Blog: Lancet series launch: Breastfeeding saves lives and it’s time for action
Update: Read this WBTI open letter published 9 February on the crisis in UK breastfeeding, in response to the Lancet findings.
At certain moments, events happen in close succession and are of such significance that you can’t help feeling the world is going to have to change to take account of it.
I feel that now, as the Lancet today publishes its series on breastfeeding stating that a lack of protection and support for breastfeeding is killing more than 800,000 babies each year, causing more than 20,000 deaths from breast cancer, and costing the global economy around $302bn per year in lost cognitive development and thus economic potential.
Funded by the Gates Foundation and the Wellcome Trust, it is the most extensive piece of research into the effects of breastfeeding ever undertaken and should put an end to any doubts about the impact of breastfeeding on the health and well-being of populations. According to author Professor Cesar Victora from the Federal University of Pelotas in Brazil: “There is a widespread misconception that breastmilk can be replaced with artificial products without detrimental consequences.”
The Lancet series makes clear that it is not appropriate to expect individual mothers and their families to be responsible for what is in fact a systemic societal failure to protect the best interests of our mothers and babies. It is the responsibility of Governments to support breastfeeding and to protect their citizens from companies who actively and aggressively market breastmilk substitutes, undermining mothers’ confidence and ability to produce milk.
The studies predict that this formula milk industry, which was worth a massive $40bn in 2014, will have grown to $70bn by 2019. This is a chilling thought when you consider it in the light of the independent and thorough Access To Nutrition Index (ATNI) report which came out earlier in January. This shone much-needed light onto the ongoing shady activities of companies selling breastmilk substitutes. Even the company with the “highest” score was still only 36% compliant with the International Code on the Marketing of Breastmilk Substitutes (also known as the Code) – a shameful record in the light of the 800,000 babies who die each year because they are not breastfed.
The Lancet reinforces other recent large scale evidence reviews such as aspecial issue of Acta Paediatrica, which stated that breastfeeding rates are responsive to interventions delivered in health systems, communities and homes, with the largest effects achieved when interventions are delivered in combination. This finding is echoed in the current Lancet series which argues that “success in breastfeeding is not the sole responsibility of a woman — the promotion of breastfeeding is a collective societal responsibility.”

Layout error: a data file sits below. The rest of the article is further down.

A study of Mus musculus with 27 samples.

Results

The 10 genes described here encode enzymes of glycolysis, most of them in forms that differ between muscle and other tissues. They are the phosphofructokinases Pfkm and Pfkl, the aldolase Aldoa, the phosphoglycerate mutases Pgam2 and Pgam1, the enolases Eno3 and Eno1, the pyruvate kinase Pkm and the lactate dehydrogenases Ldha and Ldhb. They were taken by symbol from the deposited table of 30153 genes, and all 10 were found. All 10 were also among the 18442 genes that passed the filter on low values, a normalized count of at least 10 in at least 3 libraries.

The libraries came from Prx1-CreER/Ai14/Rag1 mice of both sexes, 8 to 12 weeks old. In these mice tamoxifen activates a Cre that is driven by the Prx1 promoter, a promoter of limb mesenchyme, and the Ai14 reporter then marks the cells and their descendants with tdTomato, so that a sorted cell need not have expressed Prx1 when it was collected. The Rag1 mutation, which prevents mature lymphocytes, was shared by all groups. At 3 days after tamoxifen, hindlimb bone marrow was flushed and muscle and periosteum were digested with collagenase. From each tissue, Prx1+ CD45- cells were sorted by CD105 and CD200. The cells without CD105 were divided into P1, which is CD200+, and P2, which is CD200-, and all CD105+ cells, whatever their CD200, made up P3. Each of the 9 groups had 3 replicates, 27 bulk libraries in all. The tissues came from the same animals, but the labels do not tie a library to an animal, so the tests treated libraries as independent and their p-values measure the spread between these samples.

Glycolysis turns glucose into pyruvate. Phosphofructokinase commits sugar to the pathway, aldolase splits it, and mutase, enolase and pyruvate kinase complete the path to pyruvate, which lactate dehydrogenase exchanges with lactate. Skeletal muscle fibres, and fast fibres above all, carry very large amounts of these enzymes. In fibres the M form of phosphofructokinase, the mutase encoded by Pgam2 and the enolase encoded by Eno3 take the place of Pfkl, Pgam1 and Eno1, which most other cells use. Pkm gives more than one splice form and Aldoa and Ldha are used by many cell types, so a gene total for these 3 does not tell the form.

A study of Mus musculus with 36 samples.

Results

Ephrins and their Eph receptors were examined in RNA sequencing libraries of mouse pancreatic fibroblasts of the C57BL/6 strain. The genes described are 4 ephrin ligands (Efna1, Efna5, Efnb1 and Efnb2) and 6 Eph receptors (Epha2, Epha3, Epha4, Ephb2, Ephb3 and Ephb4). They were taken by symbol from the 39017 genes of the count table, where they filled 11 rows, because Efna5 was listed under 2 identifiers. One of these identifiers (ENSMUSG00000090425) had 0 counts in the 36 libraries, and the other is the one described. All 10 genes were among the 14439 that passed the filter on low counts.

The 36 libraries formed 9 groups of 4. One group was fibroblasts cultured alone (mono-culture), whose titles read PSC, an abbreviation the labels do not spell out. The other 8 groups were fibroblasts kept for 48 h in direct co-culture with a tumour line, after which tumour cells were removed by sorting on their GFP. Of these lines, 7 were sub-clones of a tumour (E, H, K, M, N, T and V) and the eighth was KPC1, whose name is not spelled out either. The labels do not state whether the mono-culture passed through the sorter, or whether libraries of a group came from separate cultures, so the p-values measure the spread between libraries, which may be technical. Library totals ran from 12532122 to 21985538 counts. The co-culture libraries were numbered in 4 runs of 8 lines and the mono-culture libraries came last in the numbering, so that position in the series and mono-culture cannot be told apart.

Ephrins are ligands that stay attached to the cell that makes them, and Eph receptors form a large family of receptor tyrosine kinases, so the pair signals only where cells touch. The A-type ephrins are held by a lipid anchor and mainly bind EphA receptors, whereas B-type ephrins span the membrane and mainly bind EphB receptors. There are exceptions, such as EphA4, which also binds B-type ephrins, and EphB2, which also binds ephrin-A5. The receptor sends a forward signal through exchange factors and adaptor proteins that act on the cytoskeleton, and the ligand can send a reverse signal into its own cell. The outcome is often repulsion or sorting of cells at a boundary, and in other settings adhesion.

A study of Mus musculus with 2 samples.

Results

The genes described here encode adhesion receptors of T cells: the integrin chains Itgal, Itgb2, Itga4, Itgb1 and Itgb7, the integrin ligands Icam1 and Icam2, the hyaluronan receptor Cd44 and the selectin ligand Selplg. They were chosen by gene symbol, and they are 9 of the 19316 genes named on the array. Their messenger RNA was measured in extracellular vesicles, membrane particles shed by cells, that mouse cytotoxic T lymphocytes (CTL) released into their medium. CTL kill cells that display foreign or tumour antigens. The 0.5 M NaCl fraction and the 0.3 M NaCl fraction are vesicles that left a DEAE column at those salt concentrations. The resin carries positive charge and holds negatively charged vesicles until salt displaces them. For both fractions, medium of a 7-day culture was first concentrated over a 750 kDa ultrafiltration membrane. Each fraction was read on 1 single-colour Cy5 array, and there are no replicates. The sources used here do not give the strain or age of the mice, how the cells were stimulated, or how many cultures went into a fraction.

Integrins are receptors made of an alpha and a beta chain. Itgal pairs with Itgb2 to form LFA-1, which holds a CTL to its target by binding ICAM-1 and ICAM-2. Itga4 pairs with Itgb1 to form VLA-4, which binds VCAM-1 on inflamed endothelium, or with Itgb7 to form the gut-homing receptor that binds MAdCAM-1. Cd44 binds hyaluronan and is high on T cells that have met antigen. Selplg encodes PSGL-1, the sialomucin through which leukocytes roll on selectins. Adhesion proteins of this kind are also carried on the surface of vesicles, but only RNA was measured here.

A commentary piece published alongside the Lancet breastfeeding series by authors including experts at Save the Children, Unicef and Dundee University makes the crucial point that we already know what needs to be done to stop these children dying unnecessarily, to stop these deaths from cancer in mothers, and to stop so much of the ill health and poor development caused by low rates of breastfeeding. And let’s be clear, it is not just poorer countries that need to take action. “There is a widespread misconception that the benefits of breastfeeding only relate to poor countries,” said Professor Victora. “Nothing could be further from the truth. Our work for this series clearly shows that breastfeeding saves lives and money in all countries, rich and poor alike. Therefore, the importance of tackling the issue globally is greater than ever.”
His words ring in my ears. We already know what needs to be done, we know the cost of not doing it and the urgency of taking action is greater than ever. The time to act is now. Each one of us must insist that our respective governments enforce the Code and hold to account those companies that continue to play fast and loose with babies’ lives and development. We must also insist that women are given the trained support and nurturing environments needed to breastfeed successfully. We are not talking rocket science here, nor are we talking large sums of money. It is hard to think of anything that would have a bigger impact on public health globally, and it really is within our reach.